Former Nassau County Executive Tom Suozzi on Wednesday savored his first step toward a possible political comeback following a victory in a low-turnout congressional primary Tuesday that relied heavily on grass roots efforts in Queens and his home base of Glen Cove.
Suozzi, who aired no TV ads in the primary, acknowledged that in winning the five-way race, he used up the bulk of his $800,000 campaign funds. But he said he has about $80,000 from donors whose contributions exceeded primary limits and are reserved for the general election.
Suozzi plans a unity event Thursday in Manhasset with his former foes.
Previewing his campaign before an election night audience Tuesday, Suozzi said, “People have been screaming at each other for 30 years on issues like gun control, immigration, and climate change. Something’s wrong. I’m not running to get the job. I’m running to do the job and start solving people’s problems to make their lives better.”
E. O’Brien Murray, spokesman for the Republican candidate, state Sen. Jack Martins, said Suozzi’s primary win showed weakness.
“It’s amazing in this day and age that you declare victory when two-thirds of the voters rejected you,” Murray said.
Jay Jacobs, Nassau Democratic chairman, countered, saying, “A win is a win.” Jacobs said Martins will have “a heavy lift selling the extremely conservative agenda” put forward by Republicans. Democrats also have a 40,000 edge in voter enrollment in the district.
Martins’ primary situation remains unsettled, as potential challenger Philip Pidot is pursuing a federal lawsuit trying to force a GOP primary.
Suozzi received 6,532 votes or 35.3 percent in unofficial state returns. Former North Hempstead Supervisor Jon Kaiman and Suffolk Legis. Steve Stern ended up in a virtual dead heat with 22 percent each. North Hempstead Town Board member Anna Kaplan received 15.2 percent and attorney Jonathan Clarke got 4.92 percent.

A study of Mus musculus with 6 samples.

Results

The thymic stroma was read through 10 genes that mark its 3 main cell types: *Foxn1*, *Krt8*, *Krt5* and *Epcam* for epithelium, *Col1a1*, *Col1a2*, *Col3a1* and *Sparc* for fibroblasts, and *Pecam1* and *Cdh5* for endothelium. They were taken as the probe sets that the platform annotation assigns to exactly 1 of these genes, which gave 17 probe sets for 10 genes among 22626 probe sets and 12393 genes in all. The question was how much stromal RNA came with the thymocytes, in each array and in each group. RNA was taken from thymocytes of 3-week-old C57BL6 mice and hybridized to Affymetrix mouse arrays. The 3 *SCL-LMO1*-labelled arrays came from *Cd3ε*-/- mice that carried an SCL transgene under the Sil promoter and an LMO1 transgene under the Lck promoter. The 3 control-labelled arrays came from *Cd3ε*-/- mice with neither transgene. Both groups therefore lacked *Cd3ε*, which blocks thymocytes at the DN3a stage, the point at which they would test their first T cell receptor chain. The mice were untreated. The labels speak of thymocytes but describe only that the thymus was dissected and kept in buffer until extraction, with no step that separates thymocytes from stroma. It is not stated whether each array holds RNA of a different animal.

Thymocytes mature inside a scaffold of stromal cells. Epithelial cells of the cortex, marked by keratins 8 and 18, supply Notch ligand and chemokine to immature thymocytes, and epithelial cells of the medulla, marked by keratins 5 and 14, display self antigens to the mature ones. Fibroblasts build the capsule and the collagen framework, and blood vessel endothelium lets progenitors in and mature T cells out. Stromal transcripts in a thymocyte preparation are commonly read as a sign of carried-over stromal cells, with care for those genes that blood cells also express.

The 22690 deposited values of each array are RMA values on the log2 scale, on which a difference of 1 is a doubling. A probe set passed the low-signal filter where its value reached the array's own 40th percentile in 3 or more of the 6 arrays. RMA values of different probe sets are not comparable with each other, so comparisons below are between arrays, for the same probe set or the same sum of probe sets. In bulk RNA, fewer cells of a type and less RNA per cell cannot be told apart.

Turnout was 9.9 percent.
Suozzi did best in his hometown of Glen Cove — where the former mayor got nearly 75 percent of the vote and where turnout was nearly 25 percent — and in the Queens portion of the district, where he polled 1,511 votes compared with 814 for Kaiman and 323 for Stern.
Suozzi backers worked to get out the vote through the day Tuesday. Campaign consultant Kim Delvin said she was knocking on doors in her Sea Cliff apartment building at 8 a.m., while Suozzi’s daughter, Caroline, did an automated call at 8 p.m. to last-minute voters.
Suozzi made the tactical decision not to spend money on canvassing or mail in North Hempstead, where he was likely to come in third no matter how much he spent, campaign aides said. Kaiman won his hometown by 1,117 votes over Suozzi. Stern, who ran TV ads, similarly won Suffolk with 2,540 or 54 percent; Suozzi, who mailed and had canvassers in Suffolk, came in second with 1,044 votes.
Melinda Katz, the Queens borough president, who endorsed Suozzi, said he won Queens because he worked the area early on and made his case.
“Tom came out and talked to the people in Queens and listened to what we need to move forward,” she said.